Franklin was born in 1706 at Boston. He was the tenth son of a soap- and candle-maker. He received some formal education, but was principally self-taught. After serving an apprenticeship to his father between the ages of 10 and 12, he went to work for his half-brother James, a printer. In 1721 the latter founded the New England Courant, the fourth newspaper in the Colonies. Benjamin secretly contributed to it 14 essays, his first published writings.
In 1723, because of dissension with his half-brother, Franklin moved to Philadelphia, where he obtained employment as a printer. He spent only a year there, and then sailed to London for 2 more years. Back in Philadelphia, he rose rapidly in the printing industry. He published The Pennsylvania Gazette (1730-48), which had been founded by another man in 1728, but his most successful literary venture was the annual Poor Richard’s Almanac (1733-58). It won a popularity in the Colonies second only to the Bible, and its fame eventually spread to Europe.
Meantime, in 1730 Franklin had taken a common-law wife, Deborah Read, who was to bear him a son and daughter, as was also apparently another nameless woman out of wedlock. By 1748 he had achieved financial independence and gained recognition for his philanthropy and the stimulus he provided to such civic causes as libraries, educational institutions, and hospitals. Energetic and tireless, he also found time to pursue his interest in science, as well as enter politics.
Franklin served as clerk (1736-51) and member (1751-64) of the colonial legislature, and as deputy postmaster of Philadelphia (1737-53) and deputy postmaster general of the Colonies (1753-74). In addition, he represented Pennsylvania at the Albany Congress (1754), called to unite the Colonies during the French and Indian War. The congress adopted his “Plan of Union,” but the colonial assemblies rejected it because it encroached on their powers.
During the years 1757-62 and 1764-75, Franklin resided in England, originally in the capacity of agent for Pennsylvania and later for Georgia, New Jersey, and Massachusetts. During the latter period, which coincided with the growth of colonial unrest, he underwent a political metamorphosis. Until then a contented Englishman in outlook, primarily concerned with Pennsylvania provincial politics, he distrusted popular movements and saw little purpose to be served in carrying principle to extremes. Until the issue of parliamentary taxation undermined the old alliances, he led the Quaker party attack on the Anglican proprietary party and its Presbyterian frontier allies. His purpose throughout the years at London in fact had been displacement of the Penn family administration by royal authority—the conversion of the province from a proprietary to a royal colony.
It was during the Stamp Act crisis that Franklin evolved from leader of a shattered provincial party’s faction to celebrated spokesman at London for American rights. Although as agent for Pennsylvania he opposed by every conceivable means the enactment of the bill in 1765, he did not at first realize the depth of colonial hostility. He regarded passage as unavoidable and preferred to submit to it while actually working for its repeal.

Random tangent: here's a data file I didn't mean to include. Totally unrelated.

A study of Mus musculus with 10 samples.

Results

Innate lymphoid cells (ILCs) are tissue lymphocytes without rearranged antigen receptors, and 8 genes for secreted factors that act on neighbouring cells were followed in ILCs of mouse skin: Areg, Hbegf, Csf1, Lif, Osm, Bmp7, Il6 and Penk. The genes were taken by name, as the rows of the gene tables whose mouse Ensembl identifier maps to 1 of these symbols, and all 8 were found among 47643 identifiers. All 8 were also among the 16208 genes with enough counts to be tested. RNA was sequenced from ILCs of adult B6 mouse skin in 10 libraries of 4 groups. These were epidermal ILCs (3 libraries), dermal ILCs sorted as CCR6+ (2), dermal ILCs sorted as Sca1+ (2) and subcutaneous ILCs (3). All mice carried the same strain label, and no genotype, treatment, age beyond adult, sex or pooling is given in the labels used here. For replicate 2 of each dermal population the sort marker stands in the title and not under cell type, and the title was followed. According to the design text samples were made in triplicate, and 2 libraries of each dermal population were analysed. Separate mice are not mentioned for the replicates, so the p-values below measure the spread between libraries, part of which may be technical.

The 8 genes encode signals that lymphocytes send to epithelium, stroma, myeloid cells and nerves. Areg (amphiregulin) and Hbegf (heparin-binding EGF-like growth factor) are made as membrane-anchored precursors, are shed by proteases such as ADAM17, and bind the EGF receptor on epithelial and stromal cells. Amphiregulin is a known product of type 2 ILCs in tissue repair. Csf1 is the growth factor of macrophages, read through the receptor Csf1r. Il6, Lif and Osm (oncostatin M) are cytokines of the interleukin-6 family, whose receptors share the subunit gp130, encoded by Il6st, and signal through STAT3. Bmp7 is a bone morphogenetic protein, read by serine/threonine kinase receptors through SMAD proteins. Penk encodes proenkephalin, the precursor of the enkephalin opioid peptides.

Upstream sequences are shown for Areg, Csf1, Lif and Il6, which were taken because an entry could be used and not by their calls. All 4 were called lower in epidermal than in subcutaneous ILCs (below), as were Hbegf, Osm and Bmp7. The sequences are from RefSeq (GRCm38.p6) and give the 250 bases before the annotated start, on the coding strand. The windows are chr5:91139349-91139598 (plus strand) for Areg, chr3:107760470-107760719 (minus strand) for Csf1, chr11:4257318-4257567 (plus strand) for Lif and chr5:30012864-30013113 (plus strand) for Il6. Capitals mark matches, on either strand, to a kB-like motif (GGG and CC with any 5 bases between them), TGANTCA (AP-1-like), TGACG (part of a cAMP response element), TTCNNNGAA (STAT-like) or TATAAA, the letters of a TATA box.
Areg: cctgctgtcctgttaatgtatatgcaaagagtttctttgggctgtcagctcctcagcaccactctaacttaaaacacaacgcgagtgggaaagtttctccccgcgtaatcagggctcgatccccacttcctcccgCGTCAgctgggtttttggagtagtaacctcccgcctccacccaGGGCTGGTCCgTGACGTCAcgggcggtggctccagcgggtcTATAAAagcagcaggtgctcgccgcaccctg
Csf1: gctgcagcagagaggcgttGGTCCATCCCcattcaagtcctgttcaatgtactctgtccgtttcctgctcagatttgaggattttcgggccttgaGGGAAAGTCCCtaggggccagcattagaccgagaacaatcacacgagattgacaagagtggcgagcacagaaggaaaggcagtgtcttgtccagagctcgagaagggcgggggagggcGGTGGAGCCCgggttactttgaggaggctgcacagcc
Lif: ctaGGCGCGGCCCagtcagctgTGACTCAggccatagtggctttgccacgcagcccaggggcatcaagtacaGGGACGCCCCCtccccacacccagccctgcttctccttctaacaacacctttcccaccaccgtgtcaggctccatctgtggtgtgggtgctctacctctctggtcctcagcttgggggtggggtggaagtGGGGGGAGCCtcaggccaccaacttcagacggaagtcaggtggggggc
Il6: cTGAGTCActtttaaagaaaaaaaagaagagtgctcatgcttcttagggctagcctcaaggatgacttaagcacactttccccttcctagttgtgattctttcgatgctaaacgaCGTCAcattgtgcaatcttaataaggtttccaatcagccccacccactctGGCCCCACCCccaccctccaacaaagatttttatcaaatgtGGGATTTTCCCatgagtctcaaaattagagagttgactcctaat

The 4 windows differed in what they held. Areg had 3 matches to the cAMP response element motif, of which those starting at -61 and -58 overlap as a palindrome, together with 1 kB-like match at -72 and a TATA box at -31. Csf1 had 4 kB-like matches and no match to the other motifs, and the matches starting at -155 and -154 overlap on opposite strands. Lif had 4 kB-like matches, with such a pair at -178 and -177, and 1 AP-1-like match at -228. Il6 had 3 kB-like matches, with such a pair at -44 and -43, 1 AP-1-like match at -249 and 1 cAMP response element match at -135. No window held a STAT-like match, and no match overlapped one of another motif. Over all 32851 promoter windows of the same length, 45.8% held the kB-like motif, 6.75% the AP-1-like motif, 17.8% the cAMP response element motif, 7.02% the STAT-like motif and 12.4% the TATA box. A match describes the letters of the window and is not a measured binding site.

Franklin’s nomination of a friend and political ally as stamp distributor for Pennsylvania, coupled with his apparent acceptance of the legislation, armed his proprietary opponents with explosive issues. Their energetic exploitation of them endangered his reputation at home until reliable information was published demonstrating his unabated opposition to the act. For a time, mob resentment threatened his family and new home in Philadelphia until his tradesmen supporters rallied. Subsequently, Franklin’s defense of the American position in the House of Commons during the debates over the Stamp Act’s repeal restored his prestige at home.
Franklin returned to Philadelphia in May 1775, and immediately became a distinguished Member of the Continental Congress. Thirteen months later, he served on the committee that drafted the Declaration of Independence. He subsequently contributed to the Government in other important ways, including service as postmaster general, and took over the duties of president of the Pennsylvania constitutional convention.
But, within less than a year and a half after his return, the aged statesman set sail once again for Europe, beginning a career as diplomat that would occupy him for most of the rest of his life. In 1776-79, as one of three commissioners, he directed the negotiations that led to treaties of commerce and alliance with France, where the people adulated him, but he and the other commissioners squabbled constantly. While he was sole commissioner to France (1779-85), he and John Jay and John Adams negotiated the Treaty of Paris (1783), which ended the War for Independence.
Back in the United States, in 1785-87 Franklin became president of the Supreme Executive Council of Pennsylvania. At the Constitutional Convention, though he did not approve of many aspects of the finished document and was hampered by his age and ill-health, he missed few if any sessions, lent his prestige, soothed passions, and compromised disputes.
In his twilight years, working on his Autobiography, Franklin could look back on a fruitful life as the toast of two continents. Energetic nearly to the last, in 1787 he was elected as first president of the Pennsylvania Society for Promoting the Abolition of Slavery—a cause to which he had committed himself as early as the 1730′s. His final public act was signing a memorial to Congress recommending dissolution of the slavery system. Shortly thereafter, in 1790 at the age of 84, Franklin passed away in Philadelphia and was laid to rest in Christ Church Burial Ground.